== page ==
It has gotten pretty much zero press attention, but last week the congressionally mandated National Defense Panel issued what should have been seen as a bombshell review of American military readiness, or lack thereof. The bipartisan credentials of the board members cannot be doubted. The panel was co-chaired by Clinton-era Defense Secretary Bill Perry and retired General John Abizaid. Members included both Bush-era Defense Department appointees such as Eric Edelman and Obama-era successors such as Michele Flournoy. The only thing uniting the members of the panel was deep knowledge of, and interest in, defense policy.

Such a group might be expected to endorse the status quo as the lowest-common-denominator option. But that’s not what they did. Instead they issued a blistering denunciation of the impact that budget cuts–amounting to a trillion dollars over 10 years–are having on the armed forces. These cuts, they warned, “constitute a serious strategic misstep on the part of the United States. Not only have they caused significant investment shortfalls in U.S. military readiness and both present and future capabilities, they have prompted our current and potential allies and adversaries to question our commitment and resolve. Unless reversed, these shortfalls will lead to a high risk force in the near future. That in turn will lead to an America that is not only less secure but also far less prosperous.”

The panel identified “disturbing” and “dangerous” gaps between the “capabilities and capacities” called for under the 2014 Quadrennial Defense Review and the actual “budget resources made available to the [Defense] Department.” Specifically the panel determined that both the Navy and Air Force need to grow and the Army and Marine Corps should not shrink as much as currently envisioned.

The Navy, the panel noted, should have between 323 and 346 ships yet it is currently “on a budgetary path to 260 ships or less.”

The Air Force, the panel found, “now fields the smallest and oldest force of combat aircraft in its history” and that situation is going to get much worse because it is going to lose half of its current inventory of bombers, fighter aircraft, and surveillance aircraft by 2019. The panel called for an increase in “the number of manned and unmanned aircraft capable of conducting both ISR [intelligence, surveillance, and reconnaissance] and  long range strike in contested airspace.”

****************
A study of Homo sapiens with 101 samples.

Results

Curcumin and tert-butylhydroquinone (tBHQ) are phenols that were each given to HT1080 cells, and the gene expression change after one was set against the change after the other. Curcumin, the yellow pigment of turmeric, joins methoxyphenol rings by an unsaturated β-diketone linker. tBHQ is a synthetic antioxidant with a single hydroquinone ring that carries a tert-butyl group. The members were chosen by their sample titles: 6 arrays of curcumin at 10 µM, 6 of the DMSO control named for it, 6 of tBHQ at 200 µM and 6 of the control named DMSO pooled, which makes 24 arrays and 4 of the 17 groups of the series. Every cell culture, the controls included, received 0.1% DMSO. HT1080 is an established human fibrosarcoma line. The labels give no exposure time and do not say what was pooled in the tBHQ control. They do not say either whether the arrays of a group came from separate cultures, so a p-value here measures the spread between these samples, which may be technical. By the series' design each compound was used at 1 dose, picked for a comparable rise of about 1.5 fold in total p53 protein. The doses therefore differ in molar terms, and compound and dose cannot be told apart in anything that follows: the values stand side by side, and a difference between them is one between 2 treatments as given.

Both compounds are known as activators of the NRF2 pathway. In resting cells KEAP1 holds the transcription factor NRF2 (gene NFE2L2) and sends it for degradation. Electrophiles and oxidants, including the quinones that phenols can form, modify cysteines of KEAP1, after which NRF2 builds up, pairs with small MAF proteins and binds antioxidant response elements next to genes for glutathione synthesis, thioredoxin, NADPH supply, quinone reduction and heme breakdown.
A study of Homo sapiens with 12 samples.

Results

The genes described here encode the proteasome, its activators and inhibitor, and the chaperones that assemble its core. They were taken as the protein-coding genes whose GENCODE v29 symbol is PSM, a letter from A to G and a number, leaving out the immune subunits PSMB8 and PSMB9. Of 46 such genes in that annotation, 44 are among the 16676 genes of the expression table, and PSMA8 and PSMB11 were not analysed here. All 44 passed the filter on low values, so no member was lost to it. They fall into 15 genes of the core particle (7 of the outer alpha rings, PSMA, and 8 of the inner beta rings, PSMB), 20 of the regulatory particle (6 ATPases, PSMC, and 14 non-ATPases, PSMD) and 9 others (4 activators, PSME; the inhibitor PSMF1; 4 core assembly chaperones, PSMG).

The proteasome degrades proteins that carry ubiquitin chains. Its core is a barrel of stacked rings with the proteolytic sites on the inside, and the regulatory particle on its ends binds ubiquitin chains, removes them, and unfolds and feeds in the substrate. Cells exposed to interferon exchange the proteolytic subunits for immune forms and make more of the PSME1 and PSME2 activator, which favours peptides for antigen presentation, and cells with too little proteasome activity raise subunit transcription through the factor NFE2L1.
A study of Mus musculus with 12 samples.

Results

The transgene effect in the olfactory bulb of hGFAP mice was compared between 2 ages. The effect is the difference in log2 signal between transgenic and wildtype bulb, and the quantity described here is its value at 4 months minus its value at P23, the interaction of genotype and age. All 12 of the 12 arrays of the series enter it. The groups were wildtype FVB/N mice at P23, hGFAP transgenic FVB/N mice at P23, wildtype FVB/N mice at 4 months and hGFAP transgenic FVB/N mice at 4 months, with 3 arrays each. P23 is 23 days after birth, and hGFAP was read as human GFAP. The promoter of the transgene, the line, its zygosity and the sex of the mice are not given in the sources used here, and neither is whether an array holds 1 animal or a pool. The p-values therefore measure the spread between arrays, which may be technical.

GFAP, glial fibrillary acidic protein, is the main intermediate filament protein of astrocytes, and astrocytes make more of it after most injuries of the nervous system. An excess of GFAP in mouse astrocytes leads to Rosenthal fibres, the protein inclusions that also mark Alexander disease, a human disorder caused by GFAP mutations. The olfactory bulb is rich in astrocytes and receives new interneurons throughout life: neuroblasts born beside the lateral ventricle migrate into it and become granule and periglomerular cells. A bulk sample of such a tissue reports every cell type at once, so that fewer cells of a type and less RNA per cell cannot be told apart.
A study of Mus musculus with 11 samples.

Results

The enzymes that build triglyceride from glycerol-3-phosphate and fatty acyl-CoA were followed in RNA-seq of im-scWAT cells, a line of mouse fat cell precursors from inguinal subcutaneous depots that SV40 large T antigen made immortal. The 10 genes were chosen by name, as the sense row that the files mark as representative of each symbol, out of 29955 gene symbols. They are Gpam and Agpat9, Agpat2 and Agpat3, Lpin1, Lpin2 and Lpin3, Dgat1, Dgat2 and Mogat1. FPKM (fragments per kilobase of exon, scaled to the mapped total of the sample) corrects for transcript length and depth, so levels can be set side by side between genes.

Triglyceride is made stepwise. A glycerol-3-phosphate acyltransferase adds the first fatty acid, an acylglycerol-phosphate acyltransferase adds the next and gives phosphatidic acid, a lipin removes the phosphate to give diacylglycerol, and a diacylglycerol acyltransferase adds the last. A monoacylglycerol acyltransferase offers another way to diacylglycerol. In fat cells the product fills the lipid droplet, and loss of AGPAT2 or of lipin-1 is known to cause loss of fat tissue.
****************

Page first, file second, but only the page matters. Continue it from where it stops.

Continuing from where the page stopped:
The panel also found that currently contemplated reductions in Army end-strength go too far. “We believe the Army and the Marine Corps should not be reduced below their pre-9/11 end strengths–490,000 active-duty soldiers in the Army and 182,000 active Marines,” the panel concluded. Yet on the current trajectory the army is likely to wind up with 420,000 soldiers and the Corps with 175,000 marines.

The defense panel rightly warned that “sustaining these significant cuts to our defense budgets will not solve our fiscal woes, but will increasingly jeopardize our international defense posture and ultimately damage our security, prospects for economic growth, and other interests.”

But no one in Washington, on either side of the aisle, seems to care. All Republicans seem to care about anymore is avoiding tax hikes. All that Democrats seem to care about anymore is avoiding cuts in entitlement programs. Whatever happened to the parties of Ronald Reagan and John F. Kennedy? They seem to be as gone as those presidents. And America is going to pay the price unless we see some leadership on defense issues at the top of our political system on both ends of Pennsylvania Avenue.



  1. F JAY HOENEMEYER says:

    The politics of this debacle might explain why such a clarion call is not heeded. The liberal elites will not be sending their children into battle under armed and ill equipped . Nor will their friends in the lower classes who lack the education to pass the entrance test for a volunteer army . The conservative end of the spectrum is too much in the sway of the isolationist wing and don’t see the need for more than a July 4th parade prop and campaign rhetoric . The only good news in all of this is that the long history of war shows that the generals are prepared to fight the last war in a place not where the next war comes from . Sad comfort that .

  2. JOE MAHONEY says:

    JFKs’ book “While England Slept” comes to mind. Taxes need to be increased to pay for the last two wars and to increase readiness, but who wants to increase taxes or spend that increase on anything but entitlements?

  3. WARD REED says:

    I have to wonder what the 1.5 million civilian employees of DoD are doing? How about terminating 750,000 or so and reinstating the fighting forces? Folks, Parkinson’s Law is real. C. Northcote Parkinson worked in the British Admiralty. While studying historical records, he encountered an interesting fact: during wartime, the fleet increased in size, as did the Admiralty staff. During peacetime, the number of ships in commission dropped like a stone. The Admiralty staff? Worse case, it held steady; more often it continued to rise. The Defense Department bureaucracy is strangling our national defense!

    • ROBERT FIPPINGER says:

      I wonder how many F-22s we could buy if we cut back on some of the civilian contractors?